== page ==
The professional body for dentists will give evidence today to the health and social care committee inquiry into recruitment and retention across healthcare.
It warns that an unprecedented collapse in NHS commitment among dentists in England could spell the end for the service without radical and urgent action from government.
In its survey of over 2,000 high street dentists in England, 45 per cent said they have reduced their NHS commitment since the onset of the pandemic by an average of over a quarter.
And 75 per cent say they are now likely to reduce, or further reduce, their NHS commitment in the next 12 months, the highest level in any BDA survey since the first lockdown.
Nearly half say that they are likely to change careers or seek early retirement while 45 per cent say they are likely to go fully private.
The BDA warned that the discredited NHS dental contract, imposed in 2006, puts government targets ahead of patient needs, effectively setting a limit on the number of NHS treatments a dentist can do in a year.
It was dubbed “unfit for purpose” by the parliamentary health select committee 14 years ago.
The government has promised reform, but has set no timeline of a commitment to funding, which the BDA estimates would be an additional £880 million per year to restore resources to 2010 levels.
BDA general practice committee chairman Shawn Charlwood said: “Overstretched and underfunded, thousands of dentists have already left the NHS, but many more have begun severing their ties.
“This is how NHS dentistry will die, a lingering decline that unchecked will leave millions of patients with no options.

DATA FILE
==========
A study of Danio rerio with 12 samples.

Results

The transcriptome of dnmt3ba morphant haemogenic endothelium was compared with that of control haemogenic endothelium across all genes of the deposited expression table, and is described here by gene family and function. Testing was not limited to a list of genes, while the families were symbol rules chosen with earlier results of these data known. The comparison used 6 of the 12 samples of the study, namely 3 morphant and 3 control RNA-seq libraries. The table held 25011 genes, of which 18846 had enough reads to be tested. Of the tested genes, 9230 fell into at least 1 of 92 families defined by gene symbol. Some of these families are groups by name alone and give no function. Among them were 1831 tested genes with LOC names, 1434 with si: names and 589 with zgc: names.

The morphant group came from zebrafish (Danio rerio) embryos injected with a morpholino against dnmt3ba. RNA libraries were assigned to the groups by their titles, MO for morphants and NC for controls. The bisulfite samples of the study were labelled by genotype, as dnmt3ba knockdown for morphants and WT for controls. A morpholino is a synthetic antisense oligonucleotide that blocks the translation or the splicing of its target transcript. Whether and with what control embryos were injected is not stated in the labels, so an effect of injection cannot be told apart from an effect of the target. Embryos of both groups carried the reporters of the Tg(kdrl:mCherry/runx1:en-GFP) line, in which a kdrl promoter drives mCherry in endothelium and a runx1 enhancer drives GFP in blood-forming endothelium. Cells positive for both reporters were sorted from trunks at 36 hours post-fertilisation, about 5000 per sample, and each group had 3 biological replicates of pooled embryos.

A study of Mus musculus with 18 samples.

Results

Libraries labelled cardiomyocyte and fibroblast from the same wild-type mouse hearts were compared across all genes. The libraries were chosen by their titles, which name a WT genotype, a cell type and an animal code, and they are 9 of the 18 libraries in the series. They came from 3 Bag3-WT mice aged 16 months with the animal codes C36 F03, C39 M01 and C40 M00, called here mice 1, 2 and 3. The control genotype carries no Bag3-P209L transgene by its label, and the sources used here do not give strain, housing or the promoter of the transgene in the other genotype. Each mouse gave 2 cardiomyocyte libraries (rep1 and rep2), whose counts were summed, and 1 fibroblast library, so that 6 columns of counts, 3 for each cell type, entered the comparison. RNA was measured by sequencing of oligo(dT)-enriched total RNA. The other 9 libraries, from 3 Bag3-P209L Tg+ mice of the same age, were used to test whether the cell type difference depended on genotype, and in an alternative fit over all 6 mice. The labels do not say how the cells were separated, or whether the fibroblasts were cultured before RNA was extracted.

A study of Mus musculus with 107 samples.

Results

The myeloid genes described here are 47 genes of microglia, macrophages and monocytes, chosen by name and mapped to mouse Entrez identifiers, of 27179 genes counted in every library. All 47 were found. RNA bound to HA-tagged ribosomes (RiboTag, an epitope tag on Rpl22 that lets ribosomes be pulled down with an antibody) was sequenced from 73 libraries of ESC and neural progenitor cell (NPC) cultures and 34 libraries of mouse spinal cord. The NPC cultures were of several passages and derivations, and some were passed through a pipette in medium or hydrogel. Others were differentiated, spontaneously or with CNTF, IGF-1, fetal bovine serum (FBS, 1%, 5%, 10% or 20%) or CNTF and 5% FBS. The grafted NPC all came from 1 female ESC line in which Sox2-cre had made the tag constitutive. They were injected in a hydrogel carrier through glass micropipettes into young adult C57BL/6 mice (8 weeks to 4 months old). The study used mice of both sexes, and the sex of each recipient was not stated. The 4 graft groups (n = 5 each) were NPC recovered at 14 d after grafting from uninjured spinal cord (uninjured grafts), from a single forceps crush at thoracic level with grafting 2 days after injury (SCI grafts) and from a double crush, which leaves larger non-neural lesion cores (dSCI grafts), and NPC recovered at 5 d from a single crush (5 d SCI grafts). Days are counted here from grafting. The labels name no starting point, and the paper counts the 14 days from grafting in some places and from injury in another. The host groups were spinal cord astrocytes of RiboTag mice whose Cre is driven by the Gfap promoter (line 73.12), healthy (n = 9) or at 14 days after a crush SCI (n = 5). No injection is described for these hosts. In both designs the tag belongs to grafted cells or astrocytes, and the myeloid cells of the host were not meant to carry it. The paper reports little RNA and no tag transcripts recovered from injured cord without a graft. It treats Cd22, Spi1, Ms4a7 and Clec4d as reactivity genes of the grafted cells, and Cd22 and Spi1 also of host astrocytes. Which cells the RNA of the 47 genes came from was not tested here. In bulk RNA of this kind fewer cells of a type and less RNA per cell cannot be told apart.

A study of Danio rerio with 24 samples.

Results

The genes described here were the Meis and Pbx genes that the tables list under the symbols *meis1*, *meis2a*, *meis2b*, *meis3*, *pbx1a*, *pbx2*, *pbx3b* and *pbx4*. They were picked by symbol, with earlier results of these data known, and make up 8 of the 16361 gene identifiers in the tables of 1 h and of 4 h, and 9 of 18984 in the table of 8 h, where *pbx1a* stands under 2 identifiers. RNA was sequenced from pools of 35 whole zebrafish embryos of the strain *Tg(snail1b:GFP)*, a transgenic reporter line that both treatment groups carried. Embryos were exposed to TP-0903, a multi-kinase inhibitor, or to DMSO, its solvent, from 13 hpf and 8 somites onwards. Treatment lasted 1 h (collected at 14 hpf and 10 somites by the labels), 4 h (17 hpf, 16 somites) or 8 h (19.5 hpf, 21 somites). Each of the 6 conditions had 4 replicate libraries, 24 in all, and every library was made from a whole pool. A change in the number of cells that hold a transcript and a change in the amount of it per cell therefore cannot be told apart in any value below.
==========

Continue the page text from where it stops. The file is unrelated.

“This government has ensured that many dentists cannot see a future in this service.”
Toothless in England, a campaign which began in Suffolk over lack of access to dentistry, has been highlighting the shortage of NHS dentists over the past two years.
"Pushing dentists into early retirement or into private practice is the consequence of years and years of government ignorance and hostility towards dental professionals working in the NHS. They play a fundamental role in our communities and need to be treated in the same way as General Practitioners. The government needs to reverse the trend and must invest and levell up NHS dentistry," says Mark Jones, Toothless in England's Campaign Coordinator
Keep Our NHS Public co-chairman Dr John Puntis said that the problems in dentistry have “devastating consequences” for patients.
“There could be no clearer illustration of this government’s philosophy in relation to publicly funded health care as a whole – fragment and run down services, ignore the concerns of professionals, mislead the public, let the poor suffer and let those who can find the money pay for access to treatment,” he said.